ARTHUR BLISS (1891 - 1975)
Arthur Bliss, having been knighted in 1950, was Master of the Queen’s Music in Great Britain from 1953 until his death. After a period in which he embraced a more radical approach to composition, he eventually followed the late-Romantic tradition of English music established by Elgar. In accordance with the perceived duties of his official position, he wrote various ceremonial pieces, in addition to music for the concert hall, theatre and cinema.
Familiar music by Bliss includes excerpts from his film score for HG Wells’s Things to Come and the patriotic march Welcome the Queen, also written for a film.
The ballets Checkmate (an allegorical game of chess, with choreography by Ninette de Valois), Miracle in the Gorbals (a morality play set in the slums of Glasgow, with choreography by Robert Helpmann) and Adam Zero (another Helpmann production, of 1946) made a strong impression on ballet audiences. Bliss was less successful with his opera The Olympians, a collaboration with JB Priestley, but his television opera of 1960, Tobias and the Angel, was well received.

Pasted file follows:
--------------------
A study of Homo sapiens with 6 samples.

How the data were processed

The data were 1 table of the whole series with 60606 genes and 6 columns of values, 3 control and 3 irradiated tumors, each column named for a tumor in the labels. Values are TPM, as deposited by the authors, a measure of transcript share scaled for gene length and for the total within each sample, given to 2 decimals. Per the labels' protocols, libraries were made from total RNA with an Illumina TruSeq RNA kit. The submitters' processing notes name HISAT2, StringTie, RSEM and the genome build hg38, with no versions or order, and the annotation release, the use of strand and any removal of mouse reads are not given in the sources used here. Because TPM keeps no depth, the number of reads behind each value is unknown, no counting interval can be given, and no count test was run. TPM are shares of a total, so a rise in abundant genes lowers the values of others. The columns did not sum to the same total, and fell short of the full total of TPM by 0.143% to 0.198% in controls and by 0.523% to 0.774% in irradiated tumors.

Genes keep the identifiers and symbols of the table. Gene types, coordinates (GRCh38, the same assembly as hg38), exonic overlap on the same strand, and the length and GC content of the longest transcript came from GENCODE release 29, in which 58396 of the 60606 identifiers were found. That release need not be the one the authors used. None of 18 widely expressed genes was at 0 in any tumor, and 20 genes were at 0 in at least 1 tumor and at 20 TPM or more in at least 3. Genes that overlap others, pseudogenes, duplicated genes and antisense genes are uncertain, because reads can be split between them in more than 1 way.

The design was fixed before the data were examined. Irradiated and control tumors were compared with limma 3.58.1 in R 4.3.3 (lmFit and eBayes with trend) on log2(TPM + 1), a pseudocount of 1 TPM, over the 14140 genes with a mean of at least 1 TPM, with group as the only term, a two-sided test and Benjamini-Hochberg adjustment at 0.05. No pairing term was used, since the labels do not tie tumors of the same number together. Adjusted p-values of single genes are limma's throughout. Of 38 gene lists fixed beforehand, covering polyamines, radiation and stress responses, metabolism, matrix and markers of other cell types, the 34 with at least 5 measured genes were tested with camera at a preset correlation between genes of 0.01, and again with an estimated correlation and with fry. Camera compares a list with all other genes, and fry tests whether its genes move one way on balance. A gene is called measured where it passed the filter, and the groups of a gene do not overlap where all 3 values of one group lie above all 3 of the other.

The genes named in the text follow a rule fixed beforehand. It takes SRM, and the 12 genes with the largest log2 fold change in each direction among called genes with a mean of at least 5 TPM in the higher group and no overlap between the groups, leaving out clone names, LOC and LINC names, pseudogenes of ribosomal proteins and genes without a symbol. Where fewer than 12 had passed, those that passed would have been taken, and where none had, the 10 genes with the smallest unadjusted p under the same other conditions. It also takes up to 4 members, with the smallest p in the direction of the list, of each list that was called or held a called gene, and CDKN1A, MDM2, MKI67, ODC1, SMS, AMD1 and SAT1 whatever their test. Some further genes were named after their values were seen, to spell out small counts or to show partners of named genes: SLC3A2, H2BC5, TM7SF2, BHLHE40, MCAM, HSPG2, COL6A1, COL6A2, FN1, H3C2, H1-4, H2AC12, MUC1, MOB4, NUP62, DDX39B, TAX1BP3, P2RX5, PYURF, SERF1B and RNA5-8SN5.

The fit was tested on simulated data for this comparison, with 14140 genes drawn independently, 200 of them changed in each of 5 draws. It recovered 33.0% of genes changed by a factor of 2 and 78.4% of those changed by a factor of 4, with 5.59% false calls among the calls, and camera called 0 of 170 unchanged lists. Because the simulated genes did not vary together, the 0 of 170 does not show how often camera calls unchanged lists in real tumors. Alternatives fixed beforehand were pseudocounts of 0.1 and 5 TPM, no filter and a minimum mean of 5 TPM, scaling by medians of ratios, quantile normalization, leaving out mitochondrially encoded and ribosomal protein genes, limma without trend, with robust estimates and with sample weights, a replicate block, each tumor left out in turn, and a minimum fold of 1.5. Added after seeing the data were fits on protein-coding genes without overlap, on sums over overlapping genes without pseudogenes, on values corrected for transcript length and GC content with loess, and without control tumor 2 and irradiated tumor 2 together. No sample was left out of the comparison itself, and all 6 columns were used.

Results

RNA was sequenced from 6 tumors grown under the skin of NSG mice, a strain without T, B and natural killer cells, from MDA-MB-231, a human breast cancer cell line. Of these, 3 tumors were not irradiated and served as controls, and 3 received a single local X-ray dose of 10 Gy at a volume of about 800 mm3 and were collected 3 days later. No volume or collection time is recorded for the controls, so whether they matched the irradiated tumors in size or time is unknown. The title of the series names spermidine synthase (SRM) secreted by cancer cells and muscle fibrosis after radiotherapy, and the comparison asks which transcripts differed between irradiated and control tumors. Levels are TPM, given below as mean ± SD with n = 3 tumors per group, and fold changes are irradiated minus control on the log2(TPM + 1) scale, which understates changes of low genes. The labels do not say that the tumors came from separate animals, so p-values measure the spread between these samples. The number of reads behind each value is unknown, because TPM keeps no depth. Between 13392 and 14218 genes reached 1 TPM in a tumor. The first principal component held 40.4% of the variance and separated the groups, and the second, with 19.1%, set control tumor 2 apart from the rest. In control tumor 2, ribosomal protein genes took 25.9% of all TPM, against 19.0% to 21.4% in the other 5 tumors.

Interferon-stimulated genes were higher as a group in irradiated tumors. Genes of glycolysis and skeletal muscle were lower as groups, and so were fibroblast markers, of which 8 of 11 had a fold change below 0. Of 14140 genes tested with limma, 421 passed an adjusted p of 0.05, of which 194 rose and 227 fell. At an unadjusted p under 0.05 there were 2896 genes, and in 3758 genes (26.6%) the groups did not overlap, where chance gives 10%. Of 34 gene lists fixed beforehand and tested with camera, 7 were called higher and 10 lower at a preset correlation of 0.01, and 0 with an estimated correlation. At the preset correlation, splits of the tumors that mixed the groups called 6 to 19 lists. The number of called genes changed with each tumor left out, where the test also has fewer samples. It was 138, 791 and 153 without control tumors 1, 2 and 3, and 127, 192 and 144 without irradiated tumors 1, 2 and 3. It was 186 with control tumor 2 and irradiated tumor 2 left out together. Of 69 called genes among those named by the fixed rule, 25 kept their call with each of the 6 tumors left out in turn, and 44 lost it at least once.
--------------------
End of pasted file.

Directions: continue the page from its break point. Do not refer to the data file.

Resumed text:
Choral and Orchestral Music
Bliss enjoyed a reputation as a very competent conductor, and was therefore familiar with orchestral music both as conductor and composer. His compositions include A Colour Symphony (movements taking various hues), a Piano Concerto for Solomon, a Violin Concerto for Campoli, and, in 1970, a Cello Concerto for Rostropovich. His moving choral and orchestral work Morning Heroes was written in memory of his brother and all who had fallen in the Great War, in which he had also served. It makes use of melodrama, an orator speaking the chosen texts.
Bliss’s chamber music ranges from string quartets to works with wind instruments. In particular he wrote a Clarinet Quintet, an Oboe Quintet, Conversations for wind instruments and string trio, a Viola Sonata and a Piano Quartet, all of which contribute usefully to chamber-music repertoire.